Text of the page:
This blog will be updated monthly to highlight legal knowledge that is beneficial for all of us to know and use when common situations arise in our everyday lives.
Suing local and state entities and their employees have extra requirements beyond that of a regular negligence claim. Additionally, it is important to note that suing the federal government and its employees have different requirements than suing local state entities and their employees, so knowing the type of defendant at fault matters. For local and state entities and their employees, A.R.S. §12-821.01 requires a Notice of Claim to be filed and served on the potentially culpable entity within 180 days of the incident to put the government on notice of the facts and basis of the claim. The notice must also contain a specific amount for which the claim can be settled. Once the Notice of Claim is served, the government has 60 days to accept or deny the Notice of Claim (no response is deemed a denial after 60 days).
Unlike the two-year statute of limitations for most negligence claims, claims against local and state entities also have a one-year statute of limitations for a lawsuit to be filed.There are a few exceptions that toll the 180 day deadline and statute of limitations (e.g. minors, incompetent persons), and there are very specific rules that must be complied with for a Notice of Claim and lawsuit to be valid, so it's important to hire an attorney that knows these requirements well.
*Homeowners insurance does not just protect you in the event that your home and/or personal property are damaged or stolen. It also provides liability coverage and protects you in the event that you are negligent in a non-motor vehicle incident that results in damaging someone else's property or injuring someone else. For example, homeowners insurance protects you in the event that your dog injures another person (exception: some policies exclude certain breeds of dogs). In the event that you are sued for a negligent non-motor vehicle act, your insurer will provide you with a lawyer to defend you.
*Insurance bad faith is a claim available to insureds who believe they are being mistreated by their own insuaranace company. When handling an insurance claim, the insurance company has a legal duty to treat their own insureds' interests' equal to that of its own interests. If the insurance company makes its own interest a priority above that of its insured, the company has committed bad faith. Damages in a bad faith claim can include the financial/economic loss the insured has suffered as a result of the bad faith (including interest if applicable), attorneys' fees, and emotional stress/frustration caused as a result of the bad faith. If the conduct is exceptionally bad, punitive damages may also be available. Examples of bad faith typically include:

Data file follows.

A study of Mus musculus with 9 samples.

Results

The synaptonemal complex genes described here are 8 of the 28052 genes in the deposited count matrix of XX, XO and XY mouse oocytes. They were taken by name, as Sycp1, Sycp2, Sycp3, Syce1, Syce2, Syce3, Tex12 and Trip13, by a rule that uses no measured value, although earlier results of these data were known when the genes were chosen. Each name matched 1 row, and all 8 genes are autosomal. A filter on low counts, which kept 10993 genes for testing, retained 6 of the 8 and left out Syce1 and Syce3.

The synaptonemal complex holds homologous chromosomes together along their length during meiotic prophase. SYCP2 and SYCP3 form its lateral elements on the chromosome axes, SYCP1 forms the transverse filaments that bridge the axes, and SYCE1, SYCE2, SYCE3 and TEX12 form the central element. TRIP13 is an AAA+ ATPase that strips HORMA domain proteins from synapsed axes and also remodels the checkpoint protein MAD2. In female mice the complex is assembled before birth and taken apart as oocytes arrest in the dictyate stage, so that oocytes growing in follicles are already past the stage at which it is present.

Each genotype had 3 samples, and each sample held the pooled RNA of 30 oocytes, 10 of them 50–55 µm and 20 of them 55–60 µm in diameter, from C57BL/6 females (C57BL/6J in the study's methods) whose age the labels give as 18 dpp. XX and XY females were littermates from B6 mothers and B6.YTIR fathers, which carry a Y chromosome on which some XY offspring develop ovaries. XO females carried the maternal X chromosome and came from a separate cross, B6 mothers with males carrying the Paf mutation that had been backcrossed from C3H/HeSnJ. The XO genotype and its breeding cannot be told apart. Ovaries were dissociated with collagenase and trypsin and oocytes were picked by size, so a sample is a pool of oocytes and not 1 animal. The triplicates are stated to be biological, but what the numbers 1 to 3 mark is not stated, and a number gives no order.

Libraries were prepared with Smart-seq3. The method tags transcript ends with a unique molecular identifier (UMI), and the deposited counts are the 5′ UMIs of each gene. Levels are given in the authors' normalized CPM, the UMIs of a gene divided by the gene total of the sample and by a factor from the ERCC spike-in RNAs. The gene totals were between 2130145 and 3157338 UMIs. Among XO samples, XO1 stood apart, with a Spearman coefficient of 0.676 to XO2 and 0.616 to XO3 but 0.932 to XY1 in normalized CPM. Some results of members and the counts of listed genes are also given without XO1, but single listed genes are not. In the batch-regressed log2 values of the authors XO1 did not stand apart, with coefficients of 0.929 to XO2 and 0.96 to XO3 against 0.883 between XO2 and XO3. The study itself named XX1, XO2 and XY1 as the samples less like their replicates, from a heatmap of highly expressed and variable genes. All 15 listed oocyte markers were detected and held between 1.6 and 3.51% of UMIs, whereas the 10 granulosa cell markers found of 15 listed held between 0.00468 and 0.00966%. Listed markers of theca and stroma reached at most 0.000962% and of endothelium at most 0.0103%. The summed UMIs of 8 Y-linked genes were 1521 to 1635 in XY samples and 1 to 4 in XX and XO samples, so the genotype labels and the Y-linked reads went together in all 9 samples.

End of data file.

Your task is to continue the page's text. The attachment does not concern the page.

*Unreasonable denial of a claim that should be covered.
*Unreasonable delay in the claims handling process.
*Unreasonable evaluation of a covered claim (i.e. making an offer that is well below the fair value of a claim).
*Other actions taken by the insurer that make it clear that it is protecting the the company over that of its insured.
*Arizona has strict dog laws to encourage responsible dog ownership and to protect the public. A.R.S. §11-1020 makes dog owners strictly liable in the event that their unleashed dog injures another person in public. §11-1025 makes dog owners strictly liable in the event that their dog (leashed or unleashed) bites another person (in public or in private). Because these statutes are separate, that also means the injury a person sustains due to an unleashed dog does not necessarily have to be a bite (i.e. unleashed dog causes a cyclist to fall of her bike). "Strictly liable" means that the injured person does not have to prove that the dog owner was negligent (i.e. unreasonable) to establish liability, but only that the event occurred. The only exception to avoiding strict liability during these events is if the dog owner can prove that the injured person provoked the dog. This is why it is important to always leash your dog if you take them out in public, even if you believe that your dog is the friendliest dog in the world; if your dog poses a bite risk, it's important to properly confine the dog and do whatever you need to do to ensure the dog doesn't bite anyone, including vets, pet groomers, and other pet handlers.